Argonne scientists awarded Bonner Prize in nuclear physics

October 29, 2009

Steven Pieper and Robert Wiringa, senior scientists at the U.S. Department of Energy’s (DOE) Argonne National Laboratory, have won the 2010 Tom W. Bonner Prize in nuclear physics. The award will be presented by the American Physical Society in Washington, D.C., in February 2010.

Pieper and Wiringa, who are theoretical physicists, won the prize for developing and applying models of nuclear forces and methods to calculate the properties of light nuclei. The prize typically recognizes outstanding experimental research in nuclear physics, but in special circumstances it may be awarded for outstanding theoretical work.

“We are deeply honored to be chosen for the Bonner Prize,” Wiringa said. “It has been our life’s work to develop a better understanding of nuclear forces and nuclei.”

Pieper and Wiringa have been pioneers in developing models of these forces. Wiringa and his collaborators at Jefferson Lab and elsewhere developed the Argonne v18 potential, a model of nucleon-nucleon interactions that has become a de facto standard in the nuclear structure community. The ability to conduct computations of ever larger nuclei required advances in computers and the algorithms used—issues that Pieper has been addressing over the past dozen years with a state-of-the-art quantum Monte Carlo program. This program enabled Pieper and Wiringa, together with collaborators from the University of Illinois at Urbana-Champaign and Los Alamos National Laboratory, to develop several models of three-nucleon forces.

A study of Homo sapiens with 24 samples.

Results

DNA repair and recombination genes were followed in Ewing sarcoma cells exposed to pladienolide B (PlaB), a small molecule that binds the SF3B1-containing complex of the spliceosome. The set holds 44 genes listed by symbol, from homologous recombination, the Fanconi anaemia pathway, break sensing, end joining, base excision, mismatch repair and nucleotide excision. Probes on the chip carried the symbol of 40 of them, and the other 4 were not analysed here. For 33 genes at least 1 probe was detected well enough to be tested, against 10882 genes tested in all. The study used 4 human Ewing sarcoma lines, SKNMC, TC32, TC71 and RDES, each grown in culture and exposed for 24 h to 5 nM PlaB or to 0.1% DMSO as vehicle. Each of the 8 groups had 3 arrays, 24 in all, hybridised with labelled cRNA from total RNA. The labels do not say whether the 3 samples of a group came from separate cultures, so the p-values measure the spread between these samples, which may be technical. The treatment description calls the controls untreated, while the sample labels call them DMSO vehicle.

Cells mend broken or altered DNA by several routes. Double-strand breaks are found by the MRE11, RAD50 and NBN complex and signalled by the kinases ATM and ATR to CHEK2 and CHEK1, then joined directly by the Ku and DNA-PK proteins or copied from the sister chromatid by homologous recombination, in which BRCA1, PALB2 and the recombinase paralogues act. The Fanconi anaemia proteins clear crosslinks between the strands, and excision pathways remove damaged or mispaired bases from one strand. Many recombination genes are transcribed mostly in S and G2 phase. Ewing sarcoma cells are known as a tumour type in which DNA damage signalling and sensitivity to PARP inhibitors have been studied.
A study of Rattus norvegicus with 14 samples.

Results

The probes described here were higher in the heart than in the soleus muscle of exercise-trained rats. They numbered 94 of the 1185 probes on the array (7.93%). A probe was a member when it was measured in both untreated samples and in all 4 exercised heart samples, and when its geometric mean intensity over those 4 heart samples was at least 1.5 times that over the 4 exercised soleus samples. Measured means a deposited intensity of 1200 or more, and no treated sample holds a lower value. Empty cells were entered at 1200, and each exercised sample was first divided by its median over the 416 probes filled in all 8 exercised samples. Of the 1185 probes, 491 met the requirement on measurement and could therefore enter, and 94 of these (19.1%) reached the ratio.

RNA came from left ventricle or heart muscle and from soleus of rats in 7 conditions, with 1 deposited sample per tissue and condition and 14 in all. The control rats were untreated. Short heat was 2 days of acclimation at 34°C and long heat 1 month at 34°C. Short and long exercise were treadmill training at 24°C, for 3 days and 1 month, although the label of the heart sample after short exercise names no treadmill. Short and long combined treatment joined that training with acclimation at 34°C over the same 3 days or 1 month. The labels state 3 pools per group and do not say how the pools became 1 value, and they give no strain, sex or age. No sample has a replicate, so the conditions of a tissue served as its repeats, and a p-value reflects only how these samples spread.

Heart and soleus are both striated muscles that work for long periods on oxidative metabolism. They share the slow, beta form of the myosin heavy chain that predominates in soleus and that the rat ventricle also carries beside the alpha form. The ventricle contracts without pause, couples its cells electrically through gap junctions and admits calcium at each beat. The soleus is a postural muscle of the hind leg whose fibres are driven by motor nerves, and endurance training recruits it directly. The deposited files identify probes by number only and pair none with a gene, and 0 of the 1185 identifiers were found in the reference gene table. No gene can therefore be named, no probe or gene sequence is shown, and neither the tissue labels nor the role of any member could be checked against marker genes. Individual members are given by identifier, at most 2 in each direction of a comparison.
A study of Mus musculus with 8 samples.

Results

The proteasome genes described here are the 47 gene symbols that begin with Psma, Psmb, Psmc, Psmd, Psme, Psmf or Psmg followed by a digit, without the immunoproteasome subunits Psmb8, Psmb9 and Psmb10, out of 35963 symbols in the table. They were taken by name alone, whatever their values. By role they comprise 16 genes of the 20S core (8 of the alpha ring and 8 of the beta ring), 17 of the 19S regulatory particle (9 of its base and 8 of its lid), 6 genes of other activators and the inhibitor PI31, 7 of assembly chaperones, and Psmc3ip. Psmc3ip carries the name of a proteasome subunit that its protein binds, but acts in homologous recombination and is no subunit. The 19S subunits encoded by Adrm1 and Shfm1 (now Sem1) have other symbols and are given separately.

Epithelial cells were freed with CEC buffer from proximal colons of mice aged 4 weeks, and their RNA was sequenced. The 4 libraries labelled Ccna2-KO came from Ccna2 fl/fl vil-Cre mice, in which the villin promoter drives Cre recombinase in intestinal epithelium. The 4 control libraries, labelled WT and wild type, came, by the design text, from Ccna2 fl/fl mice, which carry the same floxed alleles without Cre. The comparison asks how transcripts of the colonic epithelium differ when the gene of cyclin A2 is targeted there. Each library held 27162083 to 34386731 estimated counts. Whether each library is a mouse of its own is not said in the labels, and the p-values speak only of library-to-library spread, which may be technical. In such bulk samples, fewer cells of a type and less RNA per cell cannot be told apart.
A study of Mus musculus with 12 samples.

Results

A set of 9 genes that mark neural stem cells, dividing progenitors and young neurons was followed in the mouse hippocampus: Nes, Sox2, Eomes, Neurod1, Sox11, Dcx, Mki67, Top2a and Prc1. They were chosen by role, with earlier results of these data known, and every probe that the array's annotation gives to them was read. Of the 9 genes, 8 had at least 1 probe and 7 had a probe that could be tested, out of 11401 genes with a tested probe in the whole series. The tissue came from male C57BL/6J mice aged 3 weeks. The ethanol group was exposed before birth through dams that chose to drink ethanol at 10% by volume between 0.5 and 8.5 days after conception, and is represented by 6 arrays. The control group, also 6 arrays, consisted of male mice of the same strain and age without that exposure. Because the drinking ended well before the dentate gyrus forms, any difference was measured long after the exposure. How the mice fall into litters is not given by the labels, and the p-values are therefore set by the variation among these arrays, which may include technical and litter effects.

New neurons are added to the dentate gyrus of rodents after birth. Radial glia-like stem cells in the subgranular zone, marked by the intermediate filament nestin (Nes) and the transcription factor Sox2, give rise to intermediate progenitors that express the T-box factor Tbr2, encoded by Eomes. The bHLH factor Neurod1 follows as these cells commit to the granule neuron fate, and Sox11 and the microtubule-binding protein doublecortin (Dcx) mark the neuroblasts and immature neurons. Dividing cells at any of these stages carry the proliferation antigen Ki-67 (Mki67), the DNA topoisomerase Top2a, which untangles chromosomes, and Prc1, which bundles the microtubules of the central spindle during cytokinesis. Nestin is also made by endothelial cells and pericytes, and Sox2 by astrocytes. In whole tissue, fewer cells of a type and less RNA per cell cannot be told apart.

“Interactions between nucleons are much more complicated than the interactions between the electrons and nucleus in an atom,” Wiringa said. “The interactions depend not only on the separation of the nucleons but on how their spins and isospins combine, and on the orientation of their spins.”  As a result, calculations of even small nuclei are extremely difficult.

Recently, in collaboration with researchers in Argonne’s Mathematics and Computer Science Division, Pieper has enhanced the quantum Monte Carlo program to model nuclear states up to carbon-12.  This work, funded by a DOE Scientific Discovery through Advanced Computing (SciDAC) grant, resulted in a novel subroutine library for using massive parallel computers. Key to this effort has been access to the IBM Blue Gene/P supercomputer in the Argonne Leadership Computing Facility.

“We have been able to use more than 133,000 processors of the Blue Gene/P for these complex calculations,” Pieper said. He and his colleagues receive large amounts of computer time on the Blue Gene/P through a special grant from the DOE Innovative and Novel Computational Impact on Theory and Experiment (INCITE) program.

Pieper has been with Argonne since 1972 and Wiringa since 1981. Both researchers received a doctoral degree from the University of Illinois at Urbana-Champaign. Both are Fellows of the American Physical Society, and they shared the 2000 University of Chicago medal for Distinguished Performance at Argonne.

In addition to Pieper and Wiringa, three other Argonne physicists have won the Bonner Prize – Roy Holt in 2005, Lowell Bollinger in 1986, and John Schiffer in 1976.